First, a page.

About a year ago, I decided it would be nice to own my own domain name, www.kimberlypalmer.com. So I visited www.GoDaddy.com, a popular domain name and web hosting company, and checked on its availability. (When I went to the site itself, it was blank.) The GoDaddy search function told me that someone already owned the site, but I could place a backorder on it for $18.99, which would give me the chance to own the domain name when it came up for auction a year later. So I went ahead and paid the $18.99.
A few days ago, shortly before the domain name was scheduled to come up for auction, I received an email from someone in Australia. (E-mails from international addresses automatically trigger my scam sensors, so I was suspicious.) It was from a man from an Australian technology company (at least that's what he was claiming to be) offering to sell me www.kimberlypalmer.com for $250 -- far above what I would ever consider paying. The E-mail came with a pitch:
KimberlyPalmer.com is a powerful domain name that needs no explanation of spelling or pronunciation. Owning such a domain name will tell your current and future clients, partners and/or investors that you are THE player in this space.
Since we are proactively seeking a buyer for this domain we do not expect it to be available for long. Once KimberlyPalmer.com is sold to an industry player we don't expect that this great domain name will EVER be for sale again. If you have ANY interest in purchasing this quality domain then please contact me to discuss this opportunity.
The high price -- $250 -- and overblown language was enough to convince me that I wanted nothing to do with this company, so I ignored the E-mail. But then, just a few hours later, I received an E-mail from GoDaddy. "You've been outbid for KimberlyPalmer.com," it told me, and urged me to place a higher bid immediately.
Now I really felt like I'd been scammed. First of all, I wasn't even aware that I was participating in a bidding war, and second of all, if another company was already valuing the site around $250, then hadn't I just wasted my money by placing a backorder for a mere $18.99?
I called GoDaddy.com for an explanation. Adam Dicker, vice president of the aftermarket for domain names, said that by placing a backorder, I automatically placed the first bid of $10 when the domain became available. But then, once someone else outbid me, it was up to me to raise my offer. When I didn't, the other party won the domain name.
The most depressing fact: My name went for $15. That means if I had understood enough of what was going on, I could have owned my domain for less than the price of the backorder -- and if I really thought about, I probably would have decided the cost was worth it.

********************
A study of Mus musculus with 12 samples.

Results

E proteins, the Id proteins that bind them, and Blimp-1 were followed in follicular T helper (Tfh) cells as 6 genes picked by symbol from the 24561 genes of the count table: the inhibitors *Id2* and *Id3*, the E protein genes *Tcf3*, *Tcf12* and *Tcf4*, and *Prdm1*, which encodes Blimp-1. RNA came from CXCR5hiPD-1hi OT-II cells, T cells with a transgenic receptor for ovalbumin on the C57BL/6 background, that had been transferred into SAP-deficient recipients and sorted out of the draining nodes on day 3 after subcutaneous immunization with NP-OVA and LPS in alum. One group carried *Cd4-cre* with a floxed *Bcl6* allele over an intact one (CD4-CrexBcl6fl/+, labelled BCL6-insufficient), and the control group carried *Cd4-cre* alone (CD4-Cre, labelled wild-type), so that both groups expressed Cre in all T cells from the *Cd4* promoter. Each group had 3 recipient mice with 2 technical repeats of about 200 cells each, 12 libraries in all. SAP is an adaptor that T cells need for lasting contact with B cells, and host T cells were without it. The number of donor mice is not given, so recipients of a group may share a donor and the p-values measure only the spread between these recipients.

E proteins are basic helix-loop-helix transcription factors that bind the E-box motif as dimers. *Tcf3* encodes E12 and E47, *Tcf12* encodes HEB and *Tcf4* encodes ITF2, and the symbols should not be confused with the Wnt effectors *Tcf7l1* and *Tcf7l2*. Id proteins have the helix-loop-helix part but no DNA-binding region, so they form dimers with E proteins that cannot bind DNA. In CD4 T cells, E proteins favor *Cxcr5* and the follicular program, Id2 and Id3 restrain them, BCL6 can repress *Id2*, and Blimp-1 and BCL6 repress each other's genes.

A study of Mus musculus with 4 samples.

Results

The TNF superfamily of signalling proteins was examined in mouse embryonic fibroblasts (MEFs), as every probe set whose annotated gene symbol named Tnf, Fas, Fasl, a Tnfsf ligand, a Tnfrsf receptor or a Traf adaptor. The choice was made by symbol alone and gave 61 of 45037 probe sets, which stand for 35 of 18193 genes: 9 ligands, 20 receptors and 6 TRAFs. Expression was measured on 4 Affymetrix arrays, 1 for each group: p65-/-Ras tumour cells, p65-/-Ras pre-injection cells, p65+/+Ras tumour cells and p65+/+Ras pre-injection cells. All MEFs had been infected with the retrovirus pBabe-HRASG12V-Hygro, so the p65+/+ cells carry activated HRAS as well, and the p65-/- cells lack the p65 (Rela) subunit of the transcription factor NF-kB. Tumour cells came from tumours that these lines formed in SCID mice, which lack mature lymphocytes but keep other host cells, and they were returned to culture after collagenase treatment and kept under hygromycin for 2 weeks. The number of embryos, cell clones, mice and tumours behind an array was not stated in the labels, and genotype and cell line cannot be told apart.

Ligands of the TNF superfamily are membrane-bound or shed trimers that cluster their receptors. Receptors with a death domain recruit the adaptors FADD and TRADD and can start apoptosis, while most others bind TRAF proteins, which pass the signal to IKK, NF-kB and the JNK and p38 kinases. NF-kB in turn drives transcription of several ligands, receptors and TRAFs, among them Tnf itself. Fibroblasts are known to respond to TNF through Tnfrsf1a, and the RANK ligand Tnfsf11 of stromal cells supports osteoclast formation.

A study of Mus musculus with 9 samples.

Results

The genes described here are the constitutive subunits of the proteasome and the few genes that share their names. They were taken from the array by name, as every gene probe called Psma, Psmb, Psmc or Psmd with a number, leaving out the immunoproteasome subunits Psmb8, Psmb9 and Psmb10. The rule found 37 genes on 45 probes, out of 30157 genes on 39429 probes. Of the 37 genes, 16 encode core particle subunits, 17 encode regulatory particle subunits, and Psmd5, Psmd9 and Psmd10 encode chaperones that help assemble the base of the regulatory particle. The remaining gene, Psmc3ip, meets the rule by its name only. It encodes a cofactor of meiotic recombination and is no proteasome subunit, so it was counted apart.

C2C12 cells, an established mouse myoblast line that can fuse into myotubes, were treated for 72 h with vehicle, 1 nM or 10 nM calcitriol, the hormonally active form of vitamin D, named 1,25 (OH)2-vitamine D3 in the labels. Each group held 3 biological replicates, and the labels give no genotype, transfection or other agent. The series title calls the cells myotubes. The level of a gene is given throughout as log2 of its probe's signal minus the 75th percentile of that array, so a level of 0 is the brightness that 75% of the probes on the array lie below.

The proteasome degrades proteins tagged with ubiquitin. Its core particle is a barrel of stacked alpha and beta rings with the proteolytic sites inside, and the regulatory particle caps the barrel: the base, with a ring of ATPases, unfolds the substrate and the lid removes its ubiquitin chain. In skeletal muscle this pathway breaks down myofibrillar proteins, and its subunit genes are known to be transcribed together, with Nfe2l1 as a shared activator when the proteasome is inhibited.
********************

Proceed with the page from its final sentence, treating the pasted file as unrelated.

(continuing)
But, as Dicker explained, there was no way for me to know how much the domain name would sell for in advance. And if I had raised my bid to $20, the other party could have continued to outbid me. If that Australian company really is the owner of the domain, then they may have E-mailed as many different Kimberly Palmers as they could find, hoping w would all get into a bidding war. Dicker says some companies buy up the domains of people's names in the hopes that just such a bidding war will take place -- and that they'll walk away with a windfall.
There is one thing I did correctly, however, and that was to not respond to the Australian E-mail. There was no way for me to know if that company really did own the domain name, or if it was just a scam. I could have paid $250 and never seen that money, or the domain name, again. (The owners of domain names are often kept secret through privacy measures.) If I really wanted the domain name, my best bet would be to go through the auction process with a well-known domain registrar, such as GoDaddy.
Dicker has some final words of advice to other people trying to purchase domain names: First, understand the process. Then, you won't make my mistake of abstaining from the bidding process altogether. You can also avoid the bidding process in some cases by approaching the current owner and making a deal. While the domain owners are often hidden from view, you can use the Whois directory to send a message to the owner. If that doesn't work, then place a backorder on the name through a domain registrar and watch as the auction approaches, and then decide what you're willing to bid. Finally, if you're outbid, consider a different but similar domain name. In my case, Dicker suggested that I might want to check out www.kimberlypalmer.me.